Recent research shows that 94% of women across a variety of industries feel that mentoring programmes are an important tool for personal and professional development. While many companies do offer formal mentorship schemes, there is still a large number that don’t yet offer it as part of their in-house learning and development initiatives.
Professionals are starting their own mentoring schemes – with valuable career benefits
With such scope for positive impact on their career trajectory, ambitious employees are championing a proactive approach to mentoring - one that benefits mentee, mentor, and employer alike. By initiating their own mentoring scheme, individuals are better positioned to identify a mentor that is not only a good fit, but someone that is accessible, responsive, and invested in their mentee’s personal and professional success.
A mentor shares knowledge, expertise and provides constructive feedback. They help their mentee identify opportunities, and set and visualise goals. A mentor can also make valuable introductions to expand your professional network.
Choosing a mentor and getting their buy-in
When choosing a mentor, it is important to select a leader within the business and someone you aspire to.
• Have they built long-lasting relationships with key stakeholders internally and externally?
• Do they have a proven ability to network?
• Can they work collaboratively and supportively with their peers?
• Do they always show integrity and strive for excellence?
• Can they be both strategic and creative?
Determine the qualities that are important to you. An excellent mentor will also show that they are a good listener, a team player, and someone that has become an integral part of the business.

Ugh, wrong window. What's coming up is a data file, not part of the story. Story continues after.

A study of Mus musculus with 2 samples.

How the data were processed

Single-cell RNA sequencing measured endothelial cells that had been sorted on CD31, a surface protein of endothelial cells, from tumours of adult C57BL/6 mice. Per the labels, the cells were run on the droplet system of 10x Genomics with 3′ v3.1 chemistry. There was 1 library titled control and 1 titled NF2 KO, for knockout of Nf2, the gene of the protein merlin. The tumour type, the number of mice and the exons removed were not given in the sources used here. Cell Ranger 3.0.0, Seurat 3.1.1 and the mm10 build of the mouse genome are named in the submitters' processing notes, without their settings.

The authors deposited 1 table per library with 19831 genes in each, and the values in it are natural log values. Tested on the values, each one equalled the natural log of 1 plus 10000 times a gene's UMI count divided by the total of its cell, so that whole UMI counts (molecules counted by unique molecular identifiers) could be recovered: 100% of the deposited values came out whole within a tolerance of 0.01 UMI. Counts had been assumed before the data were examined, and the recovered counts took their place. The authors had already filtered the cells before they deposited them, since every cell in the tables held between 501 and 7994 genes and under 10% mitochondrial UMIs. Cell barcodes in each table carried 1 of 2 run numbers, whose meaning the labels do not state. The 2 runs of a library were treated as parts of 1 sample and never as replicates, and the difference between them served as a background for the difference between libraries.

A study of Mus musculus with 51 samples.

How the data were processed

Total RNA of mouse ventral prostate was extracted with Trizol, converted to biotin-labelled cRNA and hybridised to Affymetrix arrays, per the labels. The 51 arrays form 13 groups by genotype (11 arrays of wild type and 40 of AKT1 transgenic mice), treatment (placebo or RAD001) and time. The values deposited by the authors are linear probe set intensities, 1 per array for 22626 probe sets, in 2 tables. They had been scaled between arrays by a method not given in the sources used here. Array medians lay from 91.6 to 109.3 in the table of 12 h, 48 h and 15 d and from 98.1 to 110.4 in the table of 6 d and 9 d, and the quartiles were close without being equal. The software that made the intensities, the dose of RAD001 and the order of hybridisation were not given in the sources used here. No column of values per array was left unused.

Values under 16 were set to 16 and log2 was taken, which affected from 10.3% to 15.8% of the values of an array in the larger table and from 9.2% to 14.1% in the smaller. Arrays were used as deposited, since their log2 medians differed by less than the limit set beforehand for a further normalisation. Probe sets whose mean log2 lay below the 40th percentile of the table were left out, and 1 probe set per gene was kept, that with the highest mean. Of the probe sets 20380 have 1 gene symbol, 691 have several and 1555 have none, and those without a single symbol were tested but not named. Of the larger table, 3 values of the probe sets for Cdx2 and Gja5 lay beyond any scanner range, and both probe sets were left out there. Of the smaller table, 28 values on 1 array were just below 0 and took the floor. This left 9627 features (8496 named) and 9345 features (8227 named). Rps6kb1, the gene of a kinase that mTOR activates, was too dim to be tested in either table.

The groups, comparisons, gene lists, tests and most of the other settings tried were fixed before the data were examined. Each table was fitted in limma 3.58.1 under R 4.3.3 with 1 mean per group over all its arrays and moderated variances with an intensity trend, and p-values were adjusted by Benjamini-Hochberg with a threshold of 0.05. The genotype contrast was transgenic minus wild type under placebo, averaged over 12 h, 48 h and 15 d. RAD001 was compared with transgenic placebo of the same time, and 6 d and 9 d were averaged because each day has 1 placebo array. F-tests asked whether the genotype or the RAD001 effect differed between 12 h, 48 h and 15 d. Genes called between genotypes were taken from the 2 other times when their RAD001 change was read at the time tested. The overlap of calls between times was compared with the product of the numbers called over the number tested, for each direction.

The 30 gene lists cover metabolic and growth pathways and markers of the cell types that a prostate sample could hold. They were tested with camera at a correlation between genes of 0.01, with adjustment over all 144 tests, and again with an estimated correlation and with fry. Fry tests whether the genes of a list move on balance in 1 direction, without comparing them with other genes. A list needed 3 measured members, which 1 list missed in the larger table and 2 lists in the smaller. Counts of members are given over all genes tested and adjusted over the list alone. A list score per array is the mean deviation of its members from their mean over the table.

How to begin the relationship
Don’t just ask for the person to become your mentor straightaway – it’s a big ask, so start by asking for an initial meeting. Keep it short and informal – perhaps an hour over coffee. Plan some questions ahead of time.
After the meeting, evaluate how it went – could you see yourself spending more time with this person? Does their communication style suit yours? Did you feel you made a connection?
Follow up after the meeting, thanking them for their time – an email should be fine. If all goes well, they’ll be happy to meet again.
Read more tips on finding a mentor here.
#Metoo campaign sparks #mentorher movement – gaining support from Netflix and Disney
In response to the #Metoo campaign which started in early 2018, Facebook COO Sheryl Sandberg launched the #MentorHer campaign. Encouraging men to confidently mentor women within the workplace, the movement has gained support from CEO’s including Disney’s Bob Iger and Reed Hastings of Netflix. The #MentorHer movement is undoubtedly beginning to influence how mentorships are perceived, across all industries. Flexibility, adaptability, and openness to enter mentorships with both men and women will help establish greater equality and mutual learning.
Mentoring, whether privately initiated or as part of a company-wide programme, brings unparalleled personal support to staff at all stages of their career. The open sharing of knowledge and experience supports best practice, aids motivation, wellbeing, and productivity. To become a mentee is to take control of your career and open yourself up to a new world of opportunity, perform to the very best of your capabilities, and ultimately enjoy a long and successful recruiting career.
To find out more about how mentorships can help advance your career, get in touch with Glocomms today.